Henry Repeating Arms has a solid reputation of building one of the best lever actions currently available. Their smooth action cycles ammo flawlessly, and it should come as no surprise that they’re one of the biggest firearms manufacturers in the US.
But, I have one more lever gun of theirs that I haven’t spoken to anyone about, because it’s technically my kid’s rifle.
Henry Lever Action 22 Youth Review
The 22 caliber Henrys cycle well and they’re nearly identical to the regular adult 22 lever actions that the company makes. These come with the added benefit of being a small, lightweight package.
This particular rifle is the youth model, and it’s one that we’ve had on hand for about 4 years now. It features a shortened stock for easier manipulation by hands that are attached to little arms.
The first time my, then, 9 year old daughter shot a gun was with the pictured Henry Youth 22, and she was hooked. We still have the little rifle, and it still sees some action.
In fact, for this review I thought I’d bring it back to the range again to put another box or two of 22 through it and it ran as flawlessly as it did the last time I shot it. And, it was just as accurate at 25 and 30 yards.
I’ll have a video review with me shooting it coming out in the near future.
Henry Youth 22 Dimensions:
The main difference this little 22 rifle has when compared to the other one made for adults, the 22 Carbine, is that the American Walnut stock is just a little shorter. Length of pull is 13 inches, whereas in the adult model its 14″.
Because the stock is a little shorter, the overall length will be different, as well. The OAL on the youth model is 33 inches, while the adult model is a slightly longer 34 inches.
The cool thing about this, is that the stock can be upgraded when your youth gets bigger and handling a rifle isn’t as hard.
The barrel is the same length as the carbine model, at 16.125 inches long.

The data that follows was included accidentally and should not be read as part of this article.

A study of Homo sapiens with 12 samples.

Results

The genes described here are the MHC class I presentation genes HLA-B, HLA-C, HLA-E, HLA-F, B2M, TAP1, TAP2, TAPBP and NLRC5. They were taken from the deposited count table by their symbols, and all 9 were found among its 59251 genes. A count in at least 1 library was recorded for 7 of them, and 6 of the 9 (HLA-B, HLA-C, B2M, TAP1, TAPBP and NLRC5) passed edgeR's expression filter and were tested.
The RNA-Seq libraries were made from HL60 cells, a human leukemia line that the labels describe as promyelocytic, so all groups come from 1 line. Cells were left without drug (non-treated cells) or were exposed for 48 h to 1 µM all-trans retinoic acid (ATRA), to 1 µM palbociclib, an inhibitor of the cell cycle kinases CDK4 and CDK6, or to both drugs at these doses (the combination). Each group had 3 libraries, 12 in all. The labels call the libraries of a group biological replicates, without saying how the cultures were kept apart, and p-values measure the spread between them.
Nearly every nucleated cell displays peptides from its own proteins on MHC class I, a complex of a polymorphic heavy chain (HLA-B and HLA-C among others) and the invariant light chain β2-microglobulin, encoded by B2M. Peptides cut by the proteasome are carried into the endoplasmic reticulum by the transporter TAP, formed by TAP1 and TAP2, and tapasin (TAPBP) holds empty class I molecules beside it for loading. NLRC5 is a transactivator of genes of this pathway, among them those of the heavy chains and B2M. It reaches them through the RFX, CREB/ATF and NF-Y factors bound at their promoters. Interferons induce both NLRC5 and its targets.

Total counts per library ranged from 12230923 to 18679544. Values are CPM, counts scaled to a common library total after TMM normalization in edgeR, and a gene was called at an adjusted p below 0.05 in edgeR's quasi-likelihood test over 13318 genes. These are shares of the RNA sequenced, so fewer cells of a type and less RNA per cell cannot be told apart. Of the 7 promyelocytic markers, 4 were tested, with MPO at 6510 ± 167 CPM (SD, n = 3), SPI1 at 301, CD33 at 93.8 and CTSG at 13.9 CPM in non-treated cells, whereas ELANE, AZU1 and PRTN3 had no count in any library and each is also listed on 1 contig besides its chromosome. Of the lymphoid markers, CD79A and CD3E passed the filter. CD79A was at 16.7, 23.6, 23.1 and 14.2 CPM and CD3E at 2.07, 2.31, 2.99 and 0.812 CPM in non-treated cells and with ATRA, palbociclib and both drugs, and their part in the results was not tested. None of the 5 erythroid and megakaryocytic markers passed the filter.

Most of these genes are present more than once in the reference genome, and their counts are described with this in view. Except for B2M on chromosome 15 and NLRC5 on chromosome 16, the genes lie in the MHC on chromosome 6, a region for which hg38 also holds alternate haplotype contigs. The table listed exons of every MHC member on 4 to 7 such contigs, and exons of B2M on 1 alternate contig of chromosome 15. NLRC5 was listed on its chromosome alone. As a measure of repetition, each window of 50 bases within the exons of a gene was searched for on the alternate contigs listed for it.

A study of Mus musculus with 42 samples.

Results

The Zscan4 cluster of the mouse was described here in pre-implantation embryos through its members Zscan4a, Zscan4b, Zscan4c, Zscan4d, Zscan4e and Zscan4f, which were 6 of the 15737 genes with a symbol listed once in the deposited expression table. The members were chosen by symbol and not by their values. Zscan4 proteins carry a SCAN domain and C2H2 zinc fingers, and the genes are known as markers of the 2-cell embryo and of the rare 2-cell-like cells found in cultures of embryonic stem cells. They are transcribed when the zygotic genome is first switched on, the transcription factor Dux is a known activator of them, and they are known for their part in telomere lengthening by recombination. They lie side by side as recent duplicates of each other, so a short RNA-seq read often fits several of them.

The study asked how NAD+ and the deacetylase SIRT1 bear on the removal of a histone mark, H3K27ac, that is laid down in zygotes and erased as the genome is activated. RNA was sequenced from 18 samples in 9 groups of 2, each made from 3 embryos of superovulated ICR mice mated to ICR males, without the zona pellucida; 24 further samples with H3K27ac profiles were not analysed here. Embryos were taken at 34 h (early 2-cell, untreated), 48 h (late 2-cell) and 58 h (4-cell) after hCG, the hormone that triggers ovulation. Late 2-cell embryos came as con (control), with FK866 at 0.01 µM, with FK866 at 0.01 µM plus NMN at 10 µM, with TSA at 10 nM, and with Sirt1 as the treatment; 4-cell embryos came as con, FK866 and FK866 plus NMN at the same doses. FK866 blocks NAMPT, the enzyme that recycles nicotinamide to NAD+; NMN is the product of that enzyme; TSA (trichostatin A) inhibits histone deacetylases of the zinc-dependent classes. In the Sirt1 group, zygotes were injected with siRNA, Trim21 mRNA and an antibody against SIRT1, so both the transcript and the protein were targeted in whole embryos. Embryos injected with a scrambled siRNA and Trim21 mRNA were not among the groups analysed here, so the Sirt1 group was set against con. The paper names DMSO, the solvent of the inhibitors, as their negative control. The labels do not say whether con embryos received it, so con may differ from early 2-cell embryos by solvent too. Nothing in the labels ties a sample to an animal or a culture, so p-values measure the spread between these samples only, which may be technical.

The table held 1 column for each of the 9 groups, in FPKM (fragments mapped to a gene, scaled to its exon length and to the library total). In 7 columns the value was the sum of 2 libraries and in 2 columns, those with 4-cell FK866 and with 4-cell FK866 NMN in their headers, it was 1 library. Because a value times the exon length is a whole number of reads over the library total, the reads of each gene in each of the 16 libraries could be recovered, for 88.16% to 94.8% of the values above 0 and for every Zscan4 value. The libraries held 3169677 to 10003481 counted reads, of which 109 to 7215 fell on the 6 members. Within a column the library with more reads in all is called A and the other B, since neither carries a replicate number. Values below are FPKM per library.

Henry 22 Youth Sights:
The sights on the Henry 22 Youth are what you’d come to expect from a Henry Repeating Arms rifle. You get semi-buckhorns on the back, and a blade up front.
The semi-buckhorn is fully adjustable.
Henry Youth 22 Accuracy:
I’ve only gone back to the 50 yard line with this rifle, but can say that I was able to hit a bullseye target with relative ease while standing with it, and not really trying all that hard.
This is a good first rifle for a kid for numerous reasons — one of them being accuracy. When you teach a kid how to shoot it helps to build confidence.
Accuracy is one of those things that helps to build confidence, and this rifle is good to go in the accuracy department.
Another area where a rifle like this helps to build confidence is with the low perceived recoil of the 22 long rifle cartridge, as well as the low muzzle blast.
22 Youth Issues:
This won’t be a problem for a majority of children, but mine is … not very coordinated. Learning how to cycle the lever while keeping the rifle in the shoulder was not the easiest task.
Another thing that takes some time to get used to is the method for loading. It’s a tubular magazine that is loaded via a port.
The loading itself is pretty self-explanatory, but sometimes unscrewing the rod/plunger/whatever you call it, out of the magazine isn’t easy for little eight year old fingers.
That’s a problem that goes away with practice as the child gets older and fingers get stronger, but is still something to think about.
At the end of the day, this is an excellent rifle designed to foster the love of shooting with children. My little girl, now not so little at 13, still begs to go shooting whenever she possibly can.
I attribute that to the confidence she gained when she was just 8 years old the very first time I brought her to the gun range.